Never Far Away

The protagonist of Michael Koryta’s latest novel of mystery and suspense, Never Far Away, has two lives: the one she had to abandon, and the presently endangered one that she is desperate to extend into the future.

Before, she was Nina Morgan, a mother, pilot, and witness to a crime. Because she could identify the criminals, she was supposed to be murdered, too. But her would-be hitmen, dissatisfied with their boss, agreed to fake her death instead. For her family’s safety, she had to disappear.

Now she is Leah Trenton, a Maine wilderness guide known as “Aunt Leah” to her own children, someone who never calls or visits, and the person they should contact by satellite messenger if anything happens to their dad. When he is killed in a car accident, “Aunt Leah” reacts on instinct and returns for her children, Hailey and Nick.

Re-entering the grid when people still want Nina/Leah dead sets off fifty-four tension-filled chapters, almost half of them told from her perspective. Koryta, who lives in Bloomington and Camden, Maine, gives a nod to his home state via Nick, who wears an Indianapolis Colts hat and t-shirt. At 13, Hailey doesn’t remember her mother; her mental antennae pick up danger frequencies when the trio go into hiding in the gorgeously depicted Maine backcountry and Allagash River region.

In Never Far Away, Dax Blackwell (a key player in Koryta’s 2019 novel If She Wakes) returns to the scene. He’s a precocious young mastermind in the family business of professional hitmen; his father and uncle were the two who agreed to fake Nina Morgan’s death. After the boss had them killed, the younger Blackwell prepares to avenge his family’s deaths. He skillfully pulls strings, decides fates, and reveals plot points to both character and reader alike—much like the author of this novel. Blackwell also understands authorship. After commandeering a seaplane pilot to drop him off in the Maine wilderness, he says, “…you do not tell anyone about this exciting plot twist in your life for, oh, one week. Sound fair? You’ll have quite the story, and you can share it with the world one week from now; I won’t mind.”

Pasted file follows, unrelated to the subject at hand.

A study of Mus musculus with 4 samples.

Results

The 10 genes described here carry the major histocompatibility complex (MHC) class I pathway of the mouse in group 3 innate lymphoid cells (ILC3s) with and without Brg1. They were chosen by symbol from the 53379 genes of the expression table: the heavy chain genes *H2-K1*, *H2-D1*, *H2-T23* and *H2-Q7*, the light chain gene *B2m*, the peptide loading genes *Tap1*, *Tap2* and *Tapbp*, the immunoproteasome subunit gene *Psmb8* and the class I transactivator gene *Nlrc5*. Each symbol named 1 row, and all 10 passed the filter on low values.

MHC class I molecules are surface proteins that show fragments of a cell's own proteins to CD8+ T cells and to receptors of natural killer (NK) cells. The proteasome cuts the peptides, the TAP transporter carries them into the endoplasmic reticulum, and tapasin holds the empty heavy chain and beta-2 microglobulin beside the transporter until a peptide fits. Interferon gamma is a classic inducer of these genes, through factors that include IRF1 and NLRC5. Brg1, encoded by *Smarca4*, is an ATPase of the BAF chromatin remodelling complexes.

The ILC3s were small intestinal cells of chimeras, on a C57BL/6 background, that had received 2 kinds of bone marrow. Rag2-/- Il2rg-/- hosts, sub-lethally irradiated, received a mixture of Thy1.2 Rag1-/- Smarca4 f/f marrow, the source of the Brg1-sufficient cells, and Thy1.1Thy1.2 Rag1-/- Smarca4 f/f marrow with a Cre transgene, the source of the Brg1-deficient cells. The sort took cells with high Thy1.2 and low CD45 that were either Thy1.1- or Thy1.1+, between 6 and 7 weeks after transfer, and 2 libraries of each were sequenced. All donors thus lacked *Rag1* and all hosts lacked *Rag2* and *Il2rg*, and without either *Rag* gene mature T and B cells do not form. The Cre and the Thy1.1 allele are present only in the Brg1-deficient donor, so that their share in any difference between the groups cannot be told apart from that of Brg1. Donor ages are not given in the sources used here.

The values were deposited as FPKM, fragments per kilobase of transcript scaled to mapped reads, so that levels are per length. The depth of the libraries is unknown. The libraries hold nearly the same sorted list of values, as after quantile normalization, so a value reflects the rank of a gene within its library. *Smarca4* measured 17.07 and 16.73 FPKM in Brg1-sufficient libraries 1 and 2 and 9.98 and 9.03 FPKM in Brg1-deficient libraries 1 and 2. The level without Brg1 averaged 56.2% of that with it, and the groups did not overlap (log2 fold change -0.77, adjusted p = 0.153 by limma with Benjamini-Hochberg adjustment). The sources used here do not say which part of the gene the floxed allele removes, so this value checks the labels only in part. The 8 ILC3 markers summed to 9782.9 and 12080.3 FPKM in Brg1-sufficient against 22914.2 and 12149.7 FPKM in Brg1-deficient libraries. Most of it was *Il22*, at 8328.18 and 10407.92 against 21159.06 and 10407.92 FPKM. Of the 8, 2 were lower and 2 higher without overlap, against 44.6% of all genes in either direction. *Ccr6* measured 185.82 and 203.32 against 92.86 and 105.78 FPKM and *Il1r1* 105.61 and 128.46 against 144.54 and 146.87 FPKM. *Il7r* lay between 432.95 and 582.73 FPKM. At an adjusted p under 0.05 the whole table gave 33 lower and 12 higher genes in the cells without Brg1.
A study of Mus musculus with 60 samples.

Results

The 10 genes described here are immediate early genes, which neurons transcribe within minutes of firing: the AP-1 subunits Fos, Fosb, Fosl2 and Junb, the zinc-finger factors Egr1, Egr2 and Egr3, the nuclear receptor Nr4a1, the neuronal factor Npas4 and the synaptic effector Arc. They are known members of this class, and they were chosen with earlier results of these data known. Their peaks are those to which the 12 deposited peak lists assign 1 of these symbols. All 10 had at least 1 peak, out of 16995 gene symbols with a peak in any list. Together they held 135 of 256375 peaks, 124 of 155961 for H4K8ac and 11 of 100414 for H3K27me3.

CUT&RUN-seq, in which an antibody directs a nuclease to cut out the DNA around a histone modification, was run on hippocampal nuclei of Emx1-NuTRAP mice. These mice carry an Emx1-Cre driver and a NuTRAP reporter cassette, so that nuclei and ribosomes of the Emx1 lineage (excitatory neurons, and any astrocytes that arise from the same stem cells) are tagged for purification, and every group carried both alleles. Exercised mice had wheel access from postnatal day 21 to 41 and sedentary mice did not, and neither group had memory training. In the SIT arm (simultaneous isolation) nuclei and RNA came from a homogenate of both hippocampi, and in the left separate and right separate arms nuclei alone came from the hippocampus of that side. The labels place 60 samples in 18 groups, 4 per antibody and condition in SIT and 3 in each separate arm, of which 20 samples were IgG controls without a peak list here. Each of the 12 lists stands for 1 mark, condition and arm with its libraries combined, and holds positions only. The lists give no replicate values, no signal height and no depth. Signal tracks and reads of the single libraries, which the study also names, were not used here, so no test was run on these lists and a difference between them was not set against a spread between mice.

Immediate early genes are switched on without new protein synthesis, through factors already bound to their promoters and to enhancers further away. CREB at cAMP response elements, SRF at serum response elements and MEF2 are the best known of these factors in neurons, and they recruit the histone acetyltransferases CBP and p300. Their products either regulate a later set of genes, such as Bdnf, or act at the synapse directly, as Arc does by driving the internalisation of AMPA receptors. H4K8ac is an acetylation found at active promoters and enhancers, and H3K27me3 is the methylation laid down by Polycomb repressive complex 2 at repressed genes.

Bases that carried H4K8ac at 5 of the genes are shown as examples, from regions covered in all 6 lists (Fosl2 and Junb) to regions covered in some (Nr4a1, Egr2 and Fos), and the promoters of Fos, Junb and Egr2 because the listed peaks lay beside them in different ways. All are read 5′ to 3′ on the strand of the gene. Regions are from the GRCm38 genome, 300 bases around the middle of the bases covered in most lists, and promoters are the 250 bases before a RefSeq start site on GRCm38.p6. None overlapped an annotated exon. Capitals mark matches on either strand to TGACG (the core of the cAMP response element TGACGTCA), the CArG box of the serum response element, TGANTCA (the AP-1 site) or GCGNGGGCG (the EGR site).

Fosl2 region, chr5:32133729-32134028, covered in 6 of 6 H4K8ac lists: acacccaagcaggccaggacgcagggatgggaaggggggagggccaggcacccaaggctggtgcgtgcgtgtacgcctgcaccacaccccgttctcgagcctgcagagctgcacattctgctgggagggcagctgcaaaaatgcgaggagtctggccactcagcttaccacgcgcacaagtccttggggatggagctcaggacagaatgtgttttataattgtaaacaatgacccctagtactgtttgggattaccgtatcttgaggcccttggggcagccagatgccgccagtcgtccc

It turns out that the art of storytelling—knowing when to conceal and when to reveal—also applies to the work of a professional killer.   

Koryta delivers the occasional moment to exhale, offering snappy dialogue and clever character observations. The rival hitman, nicknamed Bleak, is described as “…all lean muscle, no body fat, as if he bench-pressed any incoming carbohydrate before he ate it.”

The tightly wound plot ensnares all who come in contact with the cast of characters, including a few innocent bystanders. An occupational hazard, Dax Blackwell might philosophize, his sections prone to moral musings. Leah Trenton’s perspective is that of a mother who will do anything to protect her children, culminating in a heart-stopping showdown. “Cool your mind, Leah,” she reminds herself. By the end of this novel, readers may need to follow suit.         

Sarah Layden is the author of Trip Through Your Wires, a novel, and The Story I Tell Myself About Myself, winner of the Sonder Press Chapbook Competition. Her short fiction appears in Boston Review, Blackbird, Moon City Review, Zone 3, Booth, Best Microfiction 2020, and elsewhere. A two-time Society of Professional Journalists award winner, her recent essays, interviews and articles have appeared in The Washington Post, Poets & Writers, Salon, The Millions, Ladies’ Home Journal, The Indianapolis Star, and The Writer’s Chronicle. She is an Assistant Professor of English at Indiana University-Purdue University Indianapolis, where she teaches creative writing. Visit her online at

Monthly reviews of books written by Indiana authors are made possible by the Eugene and Marilyn Glick Indiana Authors Awards and Indiana Humanities. Opinions expressed in this review are solely those of the reviewer, not any affiliated entity.